Dead Wrong?

I looked around for the cameras; there were none. I looked around for people related to the local drama scene, and, this being Malta, there were two or three of them – but they were with members of their extended family, and didn’t appear to be acting (at least, not any more than usual).

The weather wasn’t especially hot, and yet there were a number of lacy and sheer tops, camisole-and-shawl ensembles, and rather short skirts. The jewellery would have made a good haul in a hold-up; and that was just what was worn by the males.

This was a funeral Mass I had stumbled upon, on my way to visit a friend in a particular town. I’d managed to get a lift, and so I was early, and my friend would still have been on the school run.

Just for the record, I have already asked my family and friends to make my funeral Mass ‘a garden with butterflies’ – because rather than the sombre greys and morose blacks and greys we are so used to seeing, I would rather have happiness and colour.

But when I was a child, I was taught that a conservative, dark set of clothes, complete with tights, must always be kept good to go. If, perish the thought, you decided to wear a part of the outfit because it went well with something else, you were duty bound to wash it practically as soon as you got home, and iron it when it was not yet completely dry. That way, you’d be properly turned out, should the need arise, unlike those with “nothing to wear” – as if the dead person were going to chide you for wearing different shades of black.

To say that the people at this funeral were well-heeled would be to make an awful pun. And yet, a number of people were there in totally unsuitable stiletto-heeled strappy sandals. A number of them appeared to share the same flamboyant hair-stylist (or at least the same shade of hair-dye).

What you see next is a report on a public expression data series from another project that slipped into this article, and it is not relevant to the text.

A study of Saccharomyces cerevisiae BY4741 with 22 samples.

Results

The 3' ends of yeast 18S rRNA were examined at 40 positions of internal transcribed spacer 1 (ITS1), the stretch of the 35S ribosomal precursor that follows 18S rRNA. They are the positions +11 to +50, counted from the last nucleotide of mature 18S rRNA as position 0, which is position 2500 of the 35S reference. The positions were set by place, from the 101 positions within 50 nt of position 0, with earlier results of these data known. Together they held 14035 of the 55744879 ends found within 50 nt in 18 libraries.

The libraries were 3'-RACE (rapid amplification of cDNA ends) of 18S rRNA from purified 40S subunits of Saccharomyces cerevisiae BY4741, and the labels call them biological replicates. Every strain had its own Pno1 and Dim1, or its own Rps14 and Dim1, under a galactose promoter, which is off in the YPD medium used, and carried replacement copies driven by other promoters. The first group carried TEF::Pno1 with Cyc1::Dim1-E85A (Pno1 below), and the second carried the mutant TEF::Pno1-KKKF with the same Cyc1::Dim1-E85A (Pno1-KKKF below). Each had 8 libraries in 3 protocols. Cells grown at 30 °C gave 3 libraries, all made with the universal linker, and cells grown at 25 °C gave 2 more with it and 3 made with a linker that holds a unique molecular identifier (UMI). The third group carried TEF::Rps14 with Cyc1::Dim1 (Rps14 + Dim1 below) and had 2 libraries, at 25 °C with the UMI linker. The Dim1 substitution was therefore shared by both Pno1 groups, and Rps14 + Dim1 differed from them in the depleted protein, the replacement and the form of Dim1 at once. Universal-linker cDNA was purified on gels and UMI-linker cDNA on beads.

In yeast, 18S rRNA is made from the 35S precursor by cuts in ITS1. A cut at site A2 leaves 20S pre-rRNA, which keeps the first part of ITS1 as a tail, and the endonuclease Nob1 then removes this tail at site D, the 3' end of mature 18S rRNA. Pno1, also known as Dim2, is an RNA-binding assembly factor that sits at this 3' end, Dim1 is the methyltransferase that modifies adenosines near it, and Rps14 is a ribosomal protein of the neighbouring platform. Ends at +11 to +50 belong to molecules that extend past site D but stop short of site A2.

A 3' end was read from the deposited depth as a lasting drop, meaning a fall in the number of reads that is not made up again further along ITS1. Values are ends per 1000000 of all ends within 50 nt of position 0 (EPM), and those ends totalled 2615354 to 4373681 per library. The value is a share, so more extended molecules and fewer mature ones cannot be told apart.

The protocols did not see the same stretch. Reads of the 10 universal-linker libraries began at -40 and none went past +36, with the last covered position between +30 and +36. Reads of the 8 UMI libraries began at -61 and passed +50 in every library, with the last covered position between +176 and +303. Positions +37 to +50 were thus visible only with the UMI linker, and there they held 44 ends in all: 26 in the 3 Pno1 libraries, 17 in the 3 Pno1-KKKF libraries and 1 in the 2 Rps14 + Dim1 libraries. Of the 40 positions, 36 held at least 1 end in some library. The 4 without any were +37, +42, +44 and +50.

I got the impression that this was yet another occasion where they congregated (in this case literally) to share notes and commiserate with one another, and then, since life goes on, they return to their lives and make an appointment with their beautician in reparation for the next gathering of the clans.

There is a time and place for everything – and so it is with clothes. The cortège should never be turned into a semblance of a sashay on the runway.

Do you insist on wearing dark clothes, knowing you’ll hate spending the rest of the day in them? Do you dress to impress, or do you attend a funeral just to show respect to the deceased?

Unless you do have something specifically intended to wear at funerals, you may actually find yourself cutting a bit of the skirt of a long dress and hemming it (with glue if time is short), or removing the braid from a jacket, or cutting off a part of a top’s sleeves, or rolling up the sleeves of a shirt…

There are no rules that say footwear has to be black. The general idea is to dress for a funeral as you would dress for a job interview – where the job is in an office and not in the arena in the Big Top.

There is a solution to this quandary.

Some shirts and tops can be rolled up into practically nothing inside a handbag – so a classic suit could be given a new look with a quick visit to the restroom. Even easier would be the addition of a neckerchief, held in pace with a junk jewellery ring. Please keep away from the Dallas look. It’s distracting.

You can, of course, disguise a high-waist pair of trousers with a top that fits over it, if push comes to shove, just as you can lessen the décolleté of a top by wearing a shirt, or a lacy camisole, underneath it.

It is disturbing, having to think about what to wear “at a time like this”. That is why it makes sense to have an outfit on call, as it were. This is the epitome of “effortless dressing”. You know better than to judge anyone, of course, but there are people who have made an art-form of criticising others. A funeral should be an occasion of peace, not one that generates bad vibrations.

And… another thing… when you wave to an acquaintance across the aisle, and sign the condolences book, please hold the jangly bracelet still with your other hand.